The 4 pillars of team leadership

Motivation, communication, peer modeling and team cohesion develop strong captains

basketball team leadership huddle
Photo: Harris Walker

Winning isn’t everything — there are a number of other advantages people of all ages can gain from sports. One of those things is leadership, especially for high school students who have yet to reach their full potential.

At a Michigan High School Athletic Association clinic, sports psychologist Scott Pierce and former athletic director Scott Westfall, who works at the Institute for the Study of Youth Sports, shared the four pillars of leadership with the high school athletes in attendance. With a little motivation, good communication, a focus on positive peer modeling, and team cohesion, your athletes can become leaders on the court and in the classroom.

1. Motivation.

A leader’s role revolves around motivation — motivation to achieve team goals, improve various skills and become better people.

It starts with training. Have your leaders promote the basics: Working out, or running a few extra laps. Ask them to push the team physically and motivate players who see no benefit in strength training.

Encourage your leaders to focus on their education — after all, it’s called education-based athletics. Make good grades a priority with your team.

   » RELATED: Strengthening the bond between coach, team captain

Attitude is everything, especially in athletics. When things go wrong or your team loses the big game, look to your leaders to maintain a positive attitude. And let your leaders have a management role, especially when it comes to goal setting.

Goal setting is a multistep process. Pierce encourages captains to start with outcome goals and work backward.

  • Outcome goals: “Focus on a competitive result of an event.” Whether it’s to win the championship or finish above .500, it needs to be realistic.
  • Performance goals: “Focus on achieving specific standards of performance.” These goals should build up and increase the chances of achieving the outcome goal.
  • Process goals: “Focus on the actions an individual must engage in during performance to execute or compete well.” These goals are typically specific actions you can do in practice to improve your team’s skills.

Once complete, ask your captains to share the results with your team. Is everyone in agreement? Implement and motivate, and allow your captains to do the same.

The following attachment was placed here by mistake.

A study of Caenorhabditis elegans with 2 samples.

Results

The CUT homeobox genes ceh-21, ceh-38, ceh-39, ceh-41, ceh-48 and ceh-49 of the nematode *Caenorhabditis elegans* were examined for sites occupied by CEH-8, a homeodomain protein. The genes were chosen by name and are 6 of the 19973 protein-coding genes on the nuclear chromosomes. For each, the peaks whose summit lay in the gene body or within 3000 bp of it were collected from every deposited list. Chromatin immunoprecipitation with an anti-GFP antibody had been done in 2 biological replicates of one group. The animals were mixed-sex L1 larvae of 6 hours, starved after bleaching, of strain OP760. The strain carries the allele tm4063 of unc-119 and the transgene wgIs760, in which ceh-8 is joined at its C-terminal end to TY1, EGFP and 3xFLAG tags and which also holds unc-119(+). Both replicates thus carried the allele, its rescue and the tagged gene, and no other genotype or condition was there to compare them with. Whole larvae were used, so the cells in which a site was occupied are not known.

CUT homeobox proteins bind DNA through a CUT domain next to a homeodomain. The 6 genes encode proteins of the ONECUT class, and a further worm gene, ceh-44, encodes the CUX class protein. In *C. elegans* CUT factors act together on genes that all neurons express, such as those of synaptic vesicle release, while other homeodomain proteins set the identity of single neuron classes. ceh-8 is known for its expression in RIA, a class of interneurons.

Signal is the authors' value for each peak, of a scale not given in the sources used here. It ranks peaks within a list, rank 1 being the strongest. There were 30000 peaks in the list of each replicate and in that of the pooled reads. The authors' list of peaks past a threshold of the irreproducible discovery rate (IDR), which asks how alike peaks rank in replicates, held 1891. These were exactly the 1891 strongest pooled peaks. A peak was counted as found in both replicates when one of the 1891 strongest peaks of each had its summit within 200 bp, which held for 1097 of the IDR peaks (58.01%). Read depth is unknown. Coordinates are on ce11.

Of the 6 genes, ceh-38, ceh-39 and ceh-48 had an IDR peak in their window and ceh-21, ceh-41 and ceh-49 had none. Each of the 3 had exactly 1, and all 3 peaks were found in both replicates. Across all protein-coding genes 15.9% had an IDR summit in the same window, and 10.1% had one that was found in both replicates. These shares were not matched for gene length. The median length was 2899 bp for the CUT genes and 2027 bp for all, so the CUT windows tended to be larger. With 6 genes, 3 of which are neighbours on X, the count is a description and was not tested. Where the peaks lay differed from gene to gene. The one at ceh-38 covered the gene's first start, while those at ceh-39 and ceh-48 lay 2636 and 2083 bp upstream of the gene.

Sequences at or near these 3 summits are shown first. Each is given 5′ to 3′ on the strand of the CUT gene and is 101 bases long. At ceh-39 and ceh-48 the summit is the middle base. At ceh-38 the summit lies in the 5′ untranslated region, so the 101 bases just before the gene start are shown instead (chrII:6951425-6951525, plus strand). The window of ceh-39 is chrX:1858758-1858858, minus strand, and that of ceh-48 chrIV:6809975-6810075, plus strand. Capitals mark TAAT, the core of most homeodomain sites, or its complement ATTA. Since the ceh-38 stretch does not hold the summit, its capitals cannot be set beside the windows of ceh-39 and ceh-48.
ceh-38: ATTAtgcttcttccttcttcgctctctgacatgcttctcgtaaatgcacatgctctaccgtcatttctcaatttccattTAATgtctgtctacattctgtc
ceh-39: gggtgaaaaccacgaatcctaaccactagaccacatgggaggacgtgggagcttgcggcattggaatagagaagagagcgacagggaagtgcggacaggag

2. Communication.

“Can I give you some feedback?”

That’s how Westfall recommends you and your team leaders go about addressing a problematic situation.

“Be honest, positive, consistent, empathetic and respectful,” he said. “Be sure to praise and criticize the behavior — not the person. Never be sarcastic or demeaning.”

And remember to be an active listener.

“Have good eye contact,” Westfall said. “Lean forward, clasp your arms, nod and smile during the parts that resonate with you. Show interest by paraphrasing what you heard and ask follow-up questions.”

Ignore your cell phone and look at the person you’re speaking to. Show them that you’re interested in what they’re saying. Let them know you received the message.

3. Positive peer modeling.

“Captains are role models and everyone is watching,” Pierce said. “Your teammates will watch you in games and learn from the positive and negative consequences of your performance. Your teammates will watch you behave and act in practice and off the field and learn from the positive and negative consequences of your actions.”

Lead by example, Pierce said. Encourage your captains to be good citizens, compassionate, competitive, confident, encouraging and motivating, hard working, honest and trustworthy, humble and modest, a good listener, and a mediator.

If your captain is failing, your team will fail. If your captain is late to practice, the team will accept it as the norm. And if your captain isn’t dedicated to the sport, your team won’t be either.

4. Team cohesion.

The goal is to be a tighter team. How can this be accomplished?

Schedule team dinners, team trips and team campouts. Get your team together outside of school and sport, Westfall said. Plan team fundraisers and encourage your athletes to work together toward a common goal.

Try organizing a team skit night, Westfall said. Ask your seniors to dress up and make light of the coaching staff. The skits are typically centered on moments where the staff said or did something funny or went a little overboard in practice, he said.

It’s also important to participate in community service.

“Community service is great for a number of reasons,” Westfall said. “One, it brings everyone together. Two, the team is benefitting a person or group in the community. And three, the intrinsic feeling you have when you walk away that day knowing you made a difference. You cannot put a price tag on that feeling.”

Lastly, he said, attend a college-sporting event as a team. It doesn’t have to be a Saturday football game at a Division 1 university — it can be a free event at a local community college.

“Getting your team together, traveling, going to watch your sport performed at a higher level is a very special opportunity.”

Give your team a voice — allow them to create their own team-bonding events. Ask them to implement a plan and coordinate rides and schedules. Give your team responsibility, and they will come up with ideas that never crossed your mind.

Bring these ideas to your team — motivation, communication, positive peer modeling and team cohesion — and give them the ability to make a difference. Allow your captains to improve the atmosphere on your team and expect others to follow.

The four pillars of leadership can take your team to the next level.